PROVINCETOWN — Police Sgt. Kevan Spoor and Patrol Officer Michael McCauley went searching for a wanted man — Richard Neal II, 35, of Montana — on the morning of May 5 and found him at 7:45, waiting patiently outside MacMillan Pier’s former Whydah Museum.
“What happened last night?” asked Spoor, per his police report.
“Oh,” Neal responded. “The guy with the knife?”
The “guy with the knife” was Chad Cenotti, 32, of Provincetown. An alleyway brawl the night before involving Neal; Robert Capaldo, 26, of New Jersey; cocaine; a box cutter; and two pairs of cowboy boots had sent Cenotti to Cape Cod Hospital, where he lay with hematomas blooming and several fewer teeth than he had before the fight.
The scuffle sent Neal and Capaldo down Cape as well — to Orleans District Court, where Judge Robert Welsh III arraigned them Wednesday as co-defendants: Capaldo on felony charges of assault and battery with a dangerous weapon, strangulation, and armed robbery; Neal on assault and battery with a dangerous weapon, strangulation, attaching the wrong plates to a motor vehicle to conceal identity, and driving an unregistered motor vehicle.
Neal’s and Capaldo’s misadventure began Tuesday, May 4. Just past 11 p.m., a flurry of calls alerted Provincetown dispatch to an assault underway by Commercial Street’s Lotus Guest House. Eyewitnesses at the scene — Darin Janoplis, a neighbor, and Latez Atanasov, a passerby — told Spoor and McCauley that two white men had attacked Cenotti.
Cenotti was, wrote Spoor, “slumped” in the guest house’s alley. Blood pooled from his mouth; cuts dotted his head; his neck was bruised; his left ear started to swell. He “had no idea” why he’d been attacked, he said in Spoor’s report. He’d eaten alone that night at the Governor Bradford, where he’d noticed Atanasov and the two attackers: one brown-haired (Neal), one ginger-bearded (Capaldo). The bar closed, Cenotti said, and the four men went outside. He and Atanasov spoke. Neal and Capaldo relieved themselves on the Post Office Café’s fence.
In a flash, Cenotti said, Neal and Capaldo were “on top of” him. He brandished a box cutter, but they tackled, choked him, and cowboy-boot kicked him. He told police that in his pockets he was carrying $2,000 cash and the box cutter. His attackers, he said, left the cash, took the box cutter, and fled.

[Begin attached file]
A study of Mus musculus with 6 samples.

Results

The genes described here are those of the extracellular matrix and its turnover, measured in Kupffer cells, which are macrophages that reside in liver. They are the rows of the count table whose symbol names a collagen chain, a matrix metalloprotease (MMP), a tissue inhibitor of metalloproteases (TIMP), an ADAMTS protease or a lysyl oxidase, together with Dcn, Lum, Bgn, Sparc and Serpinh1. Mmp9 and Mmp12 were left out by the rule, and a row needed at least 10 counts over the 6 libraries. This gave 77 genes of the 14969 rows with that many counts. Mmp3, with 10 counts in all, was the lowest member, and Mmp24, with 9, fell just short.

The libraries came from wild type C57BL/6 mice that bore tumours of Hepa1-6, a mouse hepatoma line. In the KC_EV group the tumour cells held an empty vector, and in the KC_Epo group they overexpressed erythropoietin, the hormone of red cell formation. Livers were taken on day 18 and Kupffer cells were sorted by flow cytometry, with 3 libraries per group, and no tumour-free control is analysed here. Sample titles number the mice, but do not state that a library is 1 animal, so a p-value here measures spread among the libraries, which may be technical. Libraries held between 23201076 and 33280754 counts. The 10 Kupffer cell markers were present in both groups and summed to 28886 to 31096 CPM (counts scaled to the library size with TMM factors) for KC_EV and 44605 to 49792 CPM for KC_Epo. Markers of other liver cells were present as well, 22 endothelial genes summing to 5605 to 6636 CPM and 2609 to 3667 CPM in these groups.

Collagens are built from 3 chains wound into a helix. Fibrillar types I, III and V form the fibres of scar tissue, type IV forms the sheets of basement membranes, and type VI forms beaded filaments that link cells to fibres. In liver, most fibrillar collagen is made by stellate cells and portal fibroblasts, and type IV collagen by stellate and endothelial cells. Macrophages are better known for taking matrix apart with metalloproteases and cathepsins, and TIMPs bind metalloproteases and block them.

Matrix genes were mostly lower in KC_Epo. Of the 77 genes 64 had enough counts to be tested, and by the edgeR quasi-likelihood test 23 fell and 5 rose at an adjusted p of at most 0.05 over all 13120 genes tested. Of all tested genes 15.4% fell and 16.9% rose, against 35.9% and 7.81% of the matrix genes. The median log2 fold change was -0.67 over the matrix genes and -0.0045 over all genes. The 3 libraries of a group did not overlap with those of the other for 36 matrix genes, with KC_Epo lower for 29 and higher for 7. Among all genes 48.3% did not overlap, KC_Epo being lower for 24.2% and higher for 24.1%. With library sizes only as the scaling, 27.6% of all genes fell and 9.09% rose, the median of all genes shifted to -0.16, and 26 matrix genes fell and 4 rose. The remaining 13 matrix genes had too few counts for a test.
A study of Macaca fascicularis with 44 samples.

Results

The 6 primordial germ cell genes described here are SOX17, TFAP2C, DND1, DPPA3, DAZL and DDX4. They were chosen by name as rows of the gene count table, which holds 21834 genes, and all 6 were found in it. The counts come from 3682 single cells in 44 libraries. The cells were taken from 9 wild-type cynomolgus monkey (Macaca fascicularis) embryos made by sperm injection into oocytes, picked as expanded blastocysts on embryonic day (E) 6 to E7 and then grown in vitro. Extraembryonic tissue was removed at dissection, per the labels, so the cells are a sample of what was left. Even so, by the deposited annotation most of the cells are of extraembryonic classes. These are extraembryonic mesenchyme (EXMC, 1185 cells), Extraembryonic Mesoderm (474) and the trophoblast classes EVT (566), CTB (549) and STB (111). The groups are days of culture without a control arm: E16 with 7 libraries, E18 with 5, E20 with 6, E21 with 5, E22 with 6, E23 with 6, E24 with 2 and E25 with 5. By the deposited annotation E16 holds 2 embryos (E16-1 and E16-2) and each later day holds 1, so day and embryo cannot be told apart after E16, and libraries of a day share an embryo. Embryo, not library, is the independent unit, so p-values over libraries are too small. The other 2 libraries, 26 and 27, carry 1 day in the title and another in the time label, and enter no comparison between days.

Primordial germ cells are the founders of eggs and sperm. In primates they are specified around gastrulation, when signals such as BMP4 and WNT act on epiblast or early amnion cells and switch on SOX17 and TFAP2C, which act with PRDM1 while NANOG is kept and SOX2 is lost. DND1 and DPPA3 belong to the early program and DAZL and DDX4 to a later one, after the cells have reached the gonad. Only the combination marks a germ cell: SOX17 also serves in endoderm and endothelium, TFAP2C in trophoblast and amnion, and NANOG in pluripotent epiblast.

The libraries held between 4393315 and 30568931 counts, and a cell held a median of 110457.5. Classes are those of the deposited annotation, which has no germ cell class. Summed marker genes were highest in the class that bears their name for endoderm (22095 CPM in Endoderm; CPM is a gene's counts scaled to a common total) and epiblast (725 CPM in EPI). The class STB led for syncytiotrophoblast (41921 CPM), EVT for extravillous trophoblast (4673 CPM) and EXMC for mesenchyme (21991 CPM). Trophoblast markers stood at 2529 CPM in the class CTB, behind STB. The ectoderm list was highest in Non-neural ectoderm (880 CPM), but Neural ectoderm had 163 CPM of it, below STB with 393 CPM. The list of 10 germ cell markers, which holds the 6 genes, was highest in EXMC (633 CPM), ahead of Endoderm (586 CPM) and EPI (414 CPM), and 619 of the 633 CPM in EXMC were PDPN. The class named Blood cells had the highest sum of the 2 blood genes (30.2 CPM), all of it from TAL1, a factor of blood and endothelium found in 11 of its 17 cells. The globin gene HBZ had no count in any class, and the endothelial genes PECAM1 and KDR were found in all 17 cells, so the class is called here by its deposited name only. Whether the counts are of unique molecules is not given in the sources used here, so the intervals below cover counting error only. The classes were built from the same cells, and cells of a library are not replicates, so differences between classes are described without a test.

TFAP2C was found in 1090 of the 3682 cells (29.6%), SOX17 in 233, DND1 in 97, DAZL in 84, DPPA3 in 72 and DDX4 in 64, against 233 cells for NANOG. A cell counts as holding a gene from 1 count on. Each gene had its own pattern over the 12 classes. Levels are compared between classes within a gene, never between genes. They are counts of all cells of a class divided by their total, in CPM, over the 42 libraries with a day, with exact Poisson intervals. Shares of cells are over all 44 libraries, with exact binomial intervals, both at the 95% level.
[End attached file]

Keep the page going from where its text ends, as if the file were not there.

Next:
Spoor and McCauley sent Cenotti off in an ambulance, then set out on the manhunt.
Atanasov had told McCauley that Neal was in town for a diving job at the end of MacMillan Pier. That’s where the officers found not Neal but Capaldo, brushing his teeth behind a white Ford-150. He was cowboy-booted, bruised, and bloodied, and would answer no questions — about Neal’s whereabouts, about what had happened, about why the plates on his unregistered F-150 in fact belonged on a yellow Ford Mustang — without a lawyer present. Officers found a blue box cutter in his back pocket. They later confirmed he’d stolen it from Cenotti.
In the end, the officers didn’t need Capaldo’s answers. Six hours after his arrest, they found Neal in precisely the same spot, wearing a near-identical pair of thick-soled cowboy boots. He proved less tight-lipped than his co-defendant. Cenotti, he said, had tried to sell them cocaine, and Capaldo had “told him to go away.” In response, Neal said, Cenotti pulled a knife. So, they fought.
Why, asked Spoor, did they choose “to fight a guy with a knife?”
Neal had no answer. As for his truck’s fraudulent plates? He’d just “put the wrong ones on.”
He joined Capaldo in custody and the courtroom. Each man posted $2,500 cash bail to secure their release before June 28 pretrial hearings.
For now, the state has filed no charges against either Atanasov or Cenotti, who’s a familiar face at Orleans District Court. Since 1988, he’s appeared there for 12 now-closed cases, among them, one for assault and battery, two involving larceny schemes, and once for shoplifting by asportation.
Editor’s note: Because of an error in a police report, an earlier version of this article misspelled Darin Janoplis’s name. That version of the article also reported that Janoplis had “told Spoor he’d seen Atanasov take part in the assault.” In fact, Sgt. Spoor wrote that Atanasov “was involved in the altercation in some way.” The Independent regrets these errors.